Friday, March 27, 2009

Window on Eurasia: Most of Russia’s Citizens Seeking Asylum Abroad are from Its Own War Zone – the North Caucasus

Paul Goble

Vienna, March 27 – Only Somalis and Iraqis whose countries are enmeshed in military conflicts sought political asylum abroad more frequently in 2008 than did citizens of the Russian Federation, but Moscow officials say that most of the Russian citizens who did so were from the North Caucasus, Russia’s very own war zone.
Moscow media are giving prominent attention to a UN report showing that 20,477 Russians sought political asylum in other countries in 2008, nine percent more than a year earlier, and a national figure exceeded only by Iraq (with more than 40,000 applications) and Somalia (22,000) (
Nearly a third of Russians who took this step sought political asylum in Poland (6647), another third between France and Austria (3579 and 3426 respectively), with the remainder scattered primarily in European and Scandinavian countries. At the same time, officials said, 3970 foreigners sought asylum in the Russian Federation.
Most of the Russian citizens seeking asylum abroad came from the North Caucasus, and their reasons for leaving, Konstantin Poltoranin, a spokesman for the Federal Migration Service, said, had less to do with the overall political situation in Russia than with the danger that they would be at risk of blood feud retribution.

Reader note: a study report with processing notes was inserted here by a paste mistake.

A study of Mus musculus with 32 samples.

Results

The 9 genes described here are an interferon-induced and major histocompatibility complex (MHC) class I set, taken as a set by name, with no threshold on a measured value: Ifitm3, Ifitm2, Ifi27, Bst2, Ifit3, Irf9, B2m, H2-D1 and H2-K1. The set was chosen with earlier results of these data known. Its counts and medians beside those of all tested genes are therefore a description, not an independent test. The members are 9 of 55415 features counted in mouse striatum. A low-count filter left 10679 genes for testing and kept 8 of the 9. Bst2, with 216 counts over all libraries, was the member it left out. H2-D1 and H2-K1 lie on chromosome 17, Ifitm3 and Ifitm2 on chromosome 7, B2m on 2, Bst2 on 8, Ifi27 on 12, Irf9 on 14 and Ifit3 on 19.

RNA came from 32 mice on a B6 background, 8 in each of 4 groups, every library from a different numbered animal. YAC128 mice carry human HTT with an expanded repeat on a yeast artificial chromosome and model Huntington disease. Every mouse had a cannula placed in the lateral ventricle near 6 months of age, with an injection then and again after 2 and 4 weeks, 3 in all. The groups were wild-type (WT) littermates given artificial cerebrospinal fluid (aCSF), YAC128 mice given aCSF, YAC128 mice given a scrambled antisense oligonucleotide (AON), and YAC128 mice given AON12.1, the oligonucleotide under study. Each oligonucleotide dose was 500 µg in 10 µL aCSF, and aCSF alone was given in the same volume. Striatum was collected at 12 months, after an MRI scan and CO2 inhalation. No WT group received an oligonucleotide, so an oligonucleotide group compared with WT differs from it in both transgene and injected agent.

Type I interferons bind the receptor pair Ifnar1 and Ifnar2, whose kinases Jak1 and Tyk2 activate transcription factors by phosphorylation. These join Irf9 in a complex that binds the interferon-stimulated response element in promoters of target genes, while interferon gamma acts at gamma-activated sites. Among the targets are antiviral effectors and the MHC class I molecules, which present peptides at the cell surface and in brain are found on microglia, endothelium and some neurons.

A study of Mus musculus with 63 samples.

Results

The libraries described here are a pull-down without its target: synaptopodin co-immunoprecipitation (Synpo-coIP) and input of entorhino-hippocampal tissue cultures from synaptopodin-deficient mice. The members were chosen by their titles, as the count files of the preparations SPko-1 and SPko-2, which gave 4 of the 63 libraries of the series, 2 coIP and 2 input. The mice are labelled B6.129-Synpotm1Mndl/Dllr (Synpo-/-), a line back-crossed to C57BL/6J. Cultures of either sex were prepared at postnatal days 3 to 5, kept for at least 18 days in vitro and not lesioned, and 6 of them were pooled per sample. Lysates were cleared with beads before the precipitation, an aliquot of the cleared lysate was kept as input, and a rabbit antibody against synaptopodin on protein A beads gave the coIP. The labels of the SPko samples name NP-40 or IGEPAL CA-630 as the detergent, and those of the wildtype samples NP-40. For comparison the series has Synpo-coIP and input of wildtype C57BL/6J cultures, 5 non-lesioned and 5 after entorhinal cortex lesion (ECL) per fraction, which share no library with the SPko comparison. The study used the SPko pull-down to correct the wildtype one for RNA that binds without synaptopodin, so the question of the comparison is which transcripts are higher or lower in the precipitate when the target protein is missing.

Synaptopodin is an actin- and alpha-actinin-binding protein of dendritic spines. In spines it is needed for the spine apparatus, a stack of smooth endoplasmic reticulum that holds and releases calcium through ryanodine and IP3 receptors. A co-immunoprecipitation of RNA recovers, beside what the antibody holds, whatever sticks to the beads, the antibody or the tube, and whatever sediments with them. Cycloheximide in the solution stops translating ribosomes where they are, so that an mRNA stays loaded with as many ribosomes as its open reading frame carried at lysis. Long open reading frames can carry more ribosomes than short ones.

Rights activists disagreed with that assessment. Lidiya Grafova, president of the International Forum of Resettlement Organizations, said that “the causes which cause people to leave Russia are several: uncertainty about tomorrow is growing and the political crisis is continuing.” And she said that Russian xenophobia is also playing a role.
In commenting on this report,’s Sergey Petrunin said that he has two reactions to these numbers and this pattern. On the one hand, he said, the number of those seeking asylum should be compared to the size of the population, and in this case, Russia is far from among the leaders in per capita outflows. Indeed, it is far down on the list.
But on the other, he said, this report prompts him to ask, “have not there emerged in the Caucasus de facto particular regimes which are only nominally subordinate to Russia and in its legal field but now have in fact evolved into such social-political systems in which it is just as dangerous to live as it is in Afghanistan, Iraq and Somalia?”
And that in turn, he suggests, raises the even more disturbing question: is it perhaps now the case that people living there are so at risk “of being kidnapped, tortured or killed” that they are ready to vote with their feet and flee to the ends of the order even if they have always been and remain “proud mountaineers who love their region?”